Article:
As you consider adopting a new digital tool for your class, have you thought about the pedagogical, ethical/legal, and functional implications?  Educational technologies are built around design assumptions about which and how pedagogies work best or support students most.

For example, an anti-plagiarism tool assumes certain things about writing and the teaching of writing and also how citation should or ought to be taught or how ethics might be understood in student writing.  An instructor would need to decide if an anti-plagiarism tool matches their approach to writing instruction.

Tools that use the LTI (Learning Tool Interoperability) standard can be requested to be evaluated for integration with Canvas. If approved, a tool can be installed at the college or institution level.  It can usually be added as an external tool in a course Module or Assignment.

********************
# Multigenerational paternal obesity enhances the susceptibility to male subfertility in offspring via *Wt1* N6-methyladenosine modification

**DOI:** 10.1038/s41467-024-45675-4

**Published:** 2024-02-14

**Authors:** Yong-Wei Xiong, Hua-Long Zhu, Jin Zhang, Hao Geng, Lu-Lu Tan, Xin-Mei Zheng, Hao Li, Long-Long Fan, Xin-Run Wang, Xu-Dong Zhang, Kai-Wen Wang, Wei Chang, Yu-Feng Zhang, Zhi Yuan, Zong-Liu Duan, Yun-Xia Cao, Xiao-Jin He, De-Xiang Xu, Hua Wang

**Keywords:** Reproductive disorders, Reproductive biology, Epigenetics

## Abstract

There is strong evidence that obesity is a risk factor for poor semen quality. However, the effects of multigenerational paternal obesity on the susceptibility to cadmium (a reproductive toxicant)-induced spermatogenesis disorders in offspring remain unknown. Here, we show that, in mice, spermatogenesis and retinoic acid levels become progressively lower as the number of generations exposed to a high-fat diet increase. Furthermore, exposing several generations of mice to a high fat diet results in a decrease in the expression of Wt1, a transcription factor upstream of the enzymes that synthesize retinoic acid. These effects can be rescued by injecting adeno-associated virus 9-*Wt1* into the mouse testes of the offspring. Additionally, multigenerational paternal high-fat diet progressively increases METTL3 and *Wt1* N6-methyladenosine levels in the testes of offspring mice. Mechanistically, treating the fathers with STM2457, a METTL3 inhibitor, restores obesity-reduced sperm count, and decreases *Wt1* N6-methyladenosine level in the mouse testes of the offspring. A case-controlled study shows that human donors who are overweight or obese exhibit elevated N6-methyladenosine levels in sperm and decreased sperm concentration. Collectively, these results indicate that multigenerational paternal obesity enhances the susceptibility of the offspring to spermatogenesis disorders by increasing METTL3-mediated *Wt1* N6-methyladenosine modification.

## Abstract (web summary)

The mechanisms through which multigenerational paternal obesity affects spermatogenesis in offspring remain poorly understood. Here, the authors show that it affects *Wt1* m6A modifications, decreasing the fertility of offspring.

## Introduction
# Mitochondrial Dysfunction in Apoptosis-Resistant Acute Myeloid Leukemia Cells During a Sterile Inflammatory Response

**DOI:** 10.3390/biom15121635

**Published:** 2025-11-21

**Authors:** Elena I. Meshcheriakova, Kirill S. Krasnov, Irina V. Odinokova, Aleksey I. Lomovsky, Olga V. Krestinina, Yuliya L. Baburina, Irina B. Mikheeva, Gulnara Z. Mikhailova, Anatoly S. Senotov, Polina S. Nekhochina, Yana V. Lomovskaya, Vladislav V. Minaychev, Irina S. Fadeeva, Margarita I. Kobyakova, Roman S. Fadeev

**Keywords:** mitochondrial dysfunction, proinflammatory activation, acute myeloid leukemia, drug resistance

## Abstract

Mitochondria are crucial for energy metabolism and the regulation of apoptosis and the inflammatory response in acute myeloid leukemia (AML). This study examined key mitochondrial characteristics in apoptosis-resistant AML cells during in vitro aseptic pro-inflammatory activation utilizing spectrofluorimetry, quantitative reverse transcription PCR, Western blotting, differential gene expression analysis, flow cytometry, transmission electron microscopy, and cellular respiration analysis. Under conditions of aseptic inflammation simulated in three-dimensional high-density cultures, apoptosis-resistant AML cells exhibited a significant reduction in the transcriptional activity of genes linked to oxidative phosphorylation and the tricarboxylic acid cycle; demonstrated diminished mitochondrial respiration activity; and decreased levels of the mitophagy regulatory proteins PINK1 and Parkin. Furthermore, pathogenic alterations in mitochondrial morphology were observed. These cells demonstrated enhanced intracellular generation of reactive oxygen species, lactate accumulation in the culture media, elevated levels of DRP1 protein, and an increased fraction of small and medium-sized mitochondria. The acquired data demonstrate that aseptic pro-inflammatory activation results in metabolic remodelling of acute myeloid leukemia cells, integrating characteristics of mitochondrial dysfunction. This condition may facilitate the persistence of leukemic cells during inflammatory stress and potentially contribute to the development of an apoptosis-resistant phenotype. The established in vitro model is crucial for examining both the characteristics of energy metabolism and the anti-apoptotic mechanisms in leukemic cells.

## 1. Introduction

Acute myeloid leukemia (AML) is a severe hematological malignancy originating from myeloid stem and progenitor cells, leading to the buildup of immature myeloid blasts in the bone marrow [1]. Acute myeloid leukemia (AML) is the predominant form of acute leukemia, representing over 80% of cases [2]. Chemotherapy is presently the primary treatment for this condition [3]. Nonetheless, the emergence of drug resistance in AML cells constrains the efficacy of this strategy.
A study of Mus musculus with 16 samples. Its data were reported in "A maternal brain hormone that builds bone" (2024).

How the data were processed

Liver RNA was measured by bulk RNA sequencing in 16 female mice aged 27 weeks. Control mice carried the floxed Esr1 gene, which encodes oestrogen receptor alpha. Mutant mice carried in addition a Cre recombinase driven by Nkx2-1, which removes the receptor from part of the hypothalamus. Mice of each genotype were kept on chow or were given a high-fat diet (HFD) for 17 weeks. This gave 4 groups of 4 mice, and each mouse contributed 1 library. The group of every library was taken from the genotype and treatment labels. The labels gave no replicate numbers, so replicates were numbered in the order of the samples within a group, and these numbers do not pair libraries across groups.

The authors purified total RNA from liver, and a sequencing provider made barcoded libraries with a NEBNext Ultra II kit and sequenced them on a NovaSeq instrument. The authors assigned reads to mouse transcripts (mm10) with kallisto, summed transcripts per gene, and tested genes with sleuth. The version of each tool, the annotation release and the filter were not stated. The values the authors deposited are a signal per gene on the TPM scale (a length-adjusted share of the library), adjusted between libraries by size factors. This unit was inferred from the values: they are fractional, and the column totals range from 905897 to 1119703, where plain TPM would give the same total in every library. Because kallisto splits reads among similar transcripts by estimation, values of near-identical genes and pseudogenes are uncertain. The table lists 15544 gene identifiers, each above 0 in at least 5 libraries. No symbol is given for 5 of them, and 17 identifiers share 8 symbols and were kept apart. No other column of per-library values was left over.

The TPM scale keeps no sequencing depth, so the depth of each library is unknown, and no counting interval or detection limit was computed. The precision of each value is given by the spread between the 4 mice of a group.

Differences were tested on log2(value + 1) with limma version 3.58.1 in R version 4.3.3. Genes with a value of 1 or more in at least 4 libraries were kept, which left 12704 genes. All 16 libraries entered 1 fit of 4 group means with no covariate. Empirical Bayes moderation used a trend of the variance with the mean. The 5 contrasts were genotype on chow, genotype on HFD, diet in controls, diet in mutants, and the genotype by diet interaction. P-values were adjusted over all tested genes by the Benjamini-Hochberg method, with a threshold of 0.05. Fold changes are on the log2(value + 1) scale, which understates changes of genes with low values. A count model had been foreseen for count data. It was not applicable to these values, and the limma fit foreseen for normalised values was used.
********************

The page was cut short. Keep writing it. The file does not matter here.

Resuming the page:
Process and Timeline Tool Vetting Process Diagram

Step 1: Work with your college Canvas coordinator to review the LTI tool criteria rubric.
Fill out the online External Tool Request Form. 

Step 2: The campus External Tool Integration Committee reviews the request using the LTI Tool Rubric to make sure that all questions have been answered completely, and pass the request along with the committee’s recommendation to the campus LMS (Learning Management System) Steering Committee.

Step 3:  The LMS Steering Committee reviews the request and either approves or does not approve the inclusion of the tool in Canvas.

If approved, the tool will be installed in CSU’s test instance of Canvas by the CSU Canvas support team to insure the tool works correctly.  Initial approval often involves a pilot to insure the tool works correctly in a live course environment.  If the pilot goes well, the tool will be installed in CSU’s Canvas at the college or institution level.

Please allow at least 6 – 8 weeks for the review of a request to add an approved, new digital tool to Canvas.